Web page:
We've been working hard to prepare for our educational session, Facebook 101: Practical Tips for Using Facebook in Admission, at the upcoming NACAC Conference. As part of this preparation, we decided to run a quick analysis. We took a look at all the posts for a single week made by the 601 U.S. colleges and universities in our Facebook Page Directory. We wanted to see what sorts of patterns we could uncover about these posts and their engagement levels.
What We Measured
The 7-day period we selected was September 9-16. For each of the 601 Facebook pages, we specifically focused on engagement (i.e. the number of likes and comments). We really liked the simplicity of the BlueFuego formula for engagement, so we borrowed it with a slight tweak. We gave comments double the weight of "likes", believing that actually typing in a comment represented a greater level of engagement than simply liking something. We then multiplied it by 1,000 so we were dealing with more manageable numbers (not 5 decimal places). Ultimately, you end up with an Engagement Score per 1,000 fans.
So here's the details of how we calculated our Engagement Score for each Facebook post:
Our Findings of Facebook Page Engagement
First, let's look at how many Pages had a post and how many posts they had.
Pages that Posted: 494 out of 601 (82%)
Average # of Posts per Page: 2.3 (only includes the 494 Pages that posted)
Pages w/ 15+ posts: 55 (The University of South Carolina had 93 posts)
In addition to analyzing the Engagement Score of each post, we broke the results down based on the media attachments included in each post. Those posts containing a photo had much higher Engagement Scores. Posts containing video also performed well.
Average Engagement Score
|Posts with a photo attached:||3.62|
|Posts with a video attached:||2.99|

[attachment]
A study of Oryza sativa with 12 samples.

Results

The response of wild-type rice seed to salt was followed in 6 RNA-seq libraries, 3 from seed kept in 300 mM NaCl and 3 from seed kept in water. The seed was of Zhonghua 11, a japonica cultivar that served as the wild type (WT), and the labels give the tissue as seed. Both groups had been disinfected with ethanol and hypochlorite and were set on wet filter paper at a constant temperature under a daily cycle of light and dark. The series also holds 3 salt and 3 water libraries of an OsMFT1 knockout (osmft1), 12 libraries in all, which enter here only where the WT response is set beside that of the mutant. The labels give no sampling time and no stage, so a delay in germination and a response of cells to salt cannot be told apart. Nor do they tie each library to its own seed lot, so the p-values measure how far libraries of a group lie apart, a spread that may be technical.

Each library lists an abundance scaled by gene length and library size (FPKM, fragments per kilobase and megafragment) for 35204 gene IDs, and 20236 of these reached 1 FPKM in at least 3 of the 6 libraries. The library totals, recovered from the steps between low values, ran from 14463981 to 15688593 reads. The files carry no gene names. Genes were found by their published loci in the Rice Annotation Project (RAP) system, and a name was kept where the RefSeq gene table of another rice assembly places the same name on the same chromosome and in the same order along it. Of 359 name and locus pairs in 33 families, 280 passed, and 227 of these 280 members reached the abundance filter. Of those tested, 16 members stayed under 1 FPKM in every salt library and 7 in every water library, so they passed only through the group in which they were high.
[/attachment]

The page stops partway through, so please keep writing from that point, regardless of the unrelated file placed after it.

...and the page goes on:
|Posts with no media attached:||2.35|
|Posts with a link attached:||1.67|
|Posts with music/sound file attached:||1.14|
A Look at the Most Engaging Posts
We wanted to better understand what was the "special sauce" that made something highly engaging. To do that, we decided to take a closer look at the top 100 posts based on Engagement Score for September 9-16. We categorized them based on their content. Each post seemed to fall into one of 8 categories.
100 'Most Engaging' Posts by Category
Score / Result / Pre-Game – Relating to a school's athletic teams, whether it was a score, an upcoming game, or a big win over a rival
Announcements / Shout-Outs – Announcing upcoming events, achievements by faculty or alumni, important dates (Because of the week we selected, several posts related to 9/11).
Photo – Typically a photo of campus, an event, or alumni
Stat / Fact / Ranking – Highlighting a school's inclusion in a ranking list (e.g., US News) or a fun fact about the school or an alumnus
Question – Posing an open-ended question or a prompt ("Tell us your favorite...")
Link – Linking to an outside news story or press release
Video – Incorporating a video attachment
Giveaway – Offering a prize if fans take some action or post a comment
A Look at the Most Commented-On Posts
We don't want to discount "Likes", but we believe that a comment is a more desirable reaction to a post from your Page. It not only signals engagement, but it adds new content to your Page and can propel the conversation among your Pages' fans forward. Because of this, we also decided to look at the posts that had the most comments per 1,000 fans (We used this measure so we didn't end up analyzing posts just from the largest Facebook Pages).
100 'Most Commented-On' Posts by Category
While there is definitely overlap with the Top 100 most engaging posts, you'll also notice a shift in the breakdown by categories. Sports-related posts figure less prominently in this list, while posts with questions make up a much larger share.
Fostering Engagement among Your Facebook Fans
We only took a look at one week's worth of data, but some trends do start to appear.
Visual posts are more effective at grabbing your fans' attention. When possible, consider attaching a photo to the posts on your Facebook Page. One of my favorite campaigns is the O-H-I-O campaign on Ohio State's Facebook Page. It basically consists of photos sent in by alumni forming human O-H-I-Os in tons of exotic locales and in unusual ways (e.g., Old Faithful forms the "I" in one picture).
Don't just push out information to your fans. Solicit their feedback and responses. Posting a question can be a really effective way to get your Facebook fans involved and take some of the burden of creating new content off your shoulders.
Hopefully, this data will help a little as you continue to refine your school's Facebook strategy and create a more engaging experience for your fans. If you're going to be at NACAC in St. Louis, we hope to see you there!